Case summary, Income Tax

Case: General Motors Overseas Corporation vs Deputy Director of Income Tax (International Taxation) 3(1)

Forum: ITAT Mumbai

Outcome: Partial

Issues covered:

  • Payment made for seconded employees: Scope of Fees for Included Services under the respective article of the tax treaty
  • Inclusion/ Exclusion of management services within the ambit of “make available” clause: Scope of Fees for Included Services under the respective article of the tax treaty

Facts

  • The Assessee was a company incorporated in and tax resident of the United States of America. It was engaged in the business of providing management and consulting services solely to the group entities worldwide.
  • The Assessee had entered into a Management Provision Agreement dated 26.12.1995 effective from 16.04.1994 with General Motors India Limited (‘GMIL’). GMIL was engaged in the business of manufacture, assembly, marketing, and sale of motor vehicles and other products in India.
  • Under the agreement, the Assessee was to provide executive personnel in connection with the development of general management, finance, purchasing, sales, service, marketing and assembly/ manufacturing activities to GMIL. The Assessee charges GMIL for the salary and other direct costs.
  • The Assessing Officer was of the view that the services provided under the agreement were chargeable to tax as ‘Fees for Technical Services’ in so far as it pertained to the amount attributable to services rendered by seconded Vice President Manufacturing.

Key Points

  • The experience of an expert lies in the mind of an expert and if an expert having knowledge and expertise is transferred from one tax jurisdiction to another tax jurisdiction, then it cannot be said that only the employees were per se transferred and not the technology. The technology/ expertise lies in the technical mind of an employee(s), not in the company and if the key employee(s) having the requisite knowledge, experience and expertise of technology are transferred from one tax jurisdiction to another tax jurisdiction, then it is the transfer of technology and not a transfer of employees. In other words, technology is made available by one entity situated in one tax jurisdiction to another entity situated in another tax Jurisdiction, through the transfer on deputation of its experienced/ expert technical employees.
  • In the present facts of the case, the vice president manufacturing was working with the Assessee before being sent as an expatriate employee in India. It was obvious that vice president manufacturing was having sufficient knowledge and experience of the technology and its standards used by the Assessee in the US. The Vice President was not an ordinary engineer but was having sufficient experience, exposure and knowledge about the technology of the Assessee and was also having the expertise to ensure the implementation of the standards of the Assessee in India.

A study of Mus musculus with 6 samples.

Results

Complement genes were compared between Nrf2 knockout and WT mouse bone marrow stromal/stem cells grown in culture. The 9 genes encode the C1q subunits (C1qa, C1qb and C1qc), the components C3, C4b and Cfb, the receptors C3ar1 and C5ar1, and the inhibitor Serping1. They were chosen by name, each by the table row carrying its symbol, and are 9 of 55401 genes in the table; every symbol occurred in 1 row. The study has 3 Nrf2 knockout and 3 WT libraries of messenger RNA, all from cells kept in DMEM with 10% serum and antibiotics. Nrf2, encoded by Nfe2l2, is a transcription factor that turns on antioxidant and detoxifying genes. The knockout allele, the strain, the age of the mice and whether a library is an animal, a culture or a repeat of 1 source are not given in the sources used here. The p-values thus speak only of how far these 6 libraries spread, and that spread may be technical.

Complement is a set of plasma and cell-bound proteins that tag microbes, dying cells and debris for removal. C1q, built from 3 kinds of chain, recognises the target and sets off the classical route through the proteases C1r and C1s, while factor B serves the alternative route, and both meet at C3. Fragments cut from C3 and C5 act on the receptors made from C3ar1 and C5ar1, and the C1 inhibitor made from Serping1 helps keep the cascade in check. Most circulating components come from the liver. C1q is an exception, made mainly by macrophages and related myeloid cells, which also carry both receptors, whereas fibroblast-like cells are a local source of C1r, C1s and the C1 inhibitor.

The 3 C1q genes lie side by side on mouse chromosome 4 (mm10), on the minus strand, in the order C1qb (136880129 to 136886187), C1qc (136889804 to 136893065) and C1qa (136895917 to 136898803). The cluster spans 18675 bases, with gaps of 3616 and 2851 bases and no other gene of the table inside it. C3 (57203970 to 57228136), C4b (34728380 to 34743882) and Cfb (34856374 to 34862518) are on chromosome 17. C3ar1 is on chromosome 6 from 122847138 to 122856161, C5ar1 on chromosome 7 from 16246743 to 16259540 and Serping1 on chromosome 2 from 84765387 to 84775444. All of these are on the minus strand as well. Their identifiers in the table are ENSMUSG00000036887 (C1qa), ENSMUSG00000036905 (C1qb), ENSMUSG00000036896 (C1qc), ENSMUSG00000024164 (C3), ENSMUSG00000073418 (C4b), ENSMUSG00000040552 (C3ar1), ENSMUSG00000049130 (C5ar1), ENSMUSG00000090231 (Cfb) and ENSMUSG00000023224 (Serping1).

• Further, in the automobile industry, assembly of product and standards of the company are patented/ protected technology and owner of the standards, charges Royalty for sharing the standards and assembling of products. But in the present case, no Royalty was charged by the Assessee from Indian counterpart, as the Assessee had sent its employee under the agreement to India, in whom the technology/ experience for the assembly of the product and knowing the standards of the company, for setting the benchmark and implementing the standards of Assessee in India.
  • Paragraph 4(b) of the Explanation of Memorandum of Understanding stated that the technology will be considered as made available when the person acquiring the service is enabled to apply the technology. Accordingly, the Vice President manufacturing was knowing the technology and was having the experience to implement the standards of the Assessee in India and by sending the said vice president in India, in fact, the technology was made available in India by the Assessee.
  • In the garb of sending the technical experts in India, it cannot be permitted to say by the Assessee that they were merely employees and the cost is reimbursed by the Indian counterpart to the assessee for the services rendered by such employee. In fact, the technology was transferred through the expert experienced technocrat by the Assessee to Indian counterpart.
  • Therefore, the lower authorities were right in arriving at the conclusion that the services provided by the Assessee in connection to the seconded employee i.e. ‘Vice President’ were in the nature of fees for included services.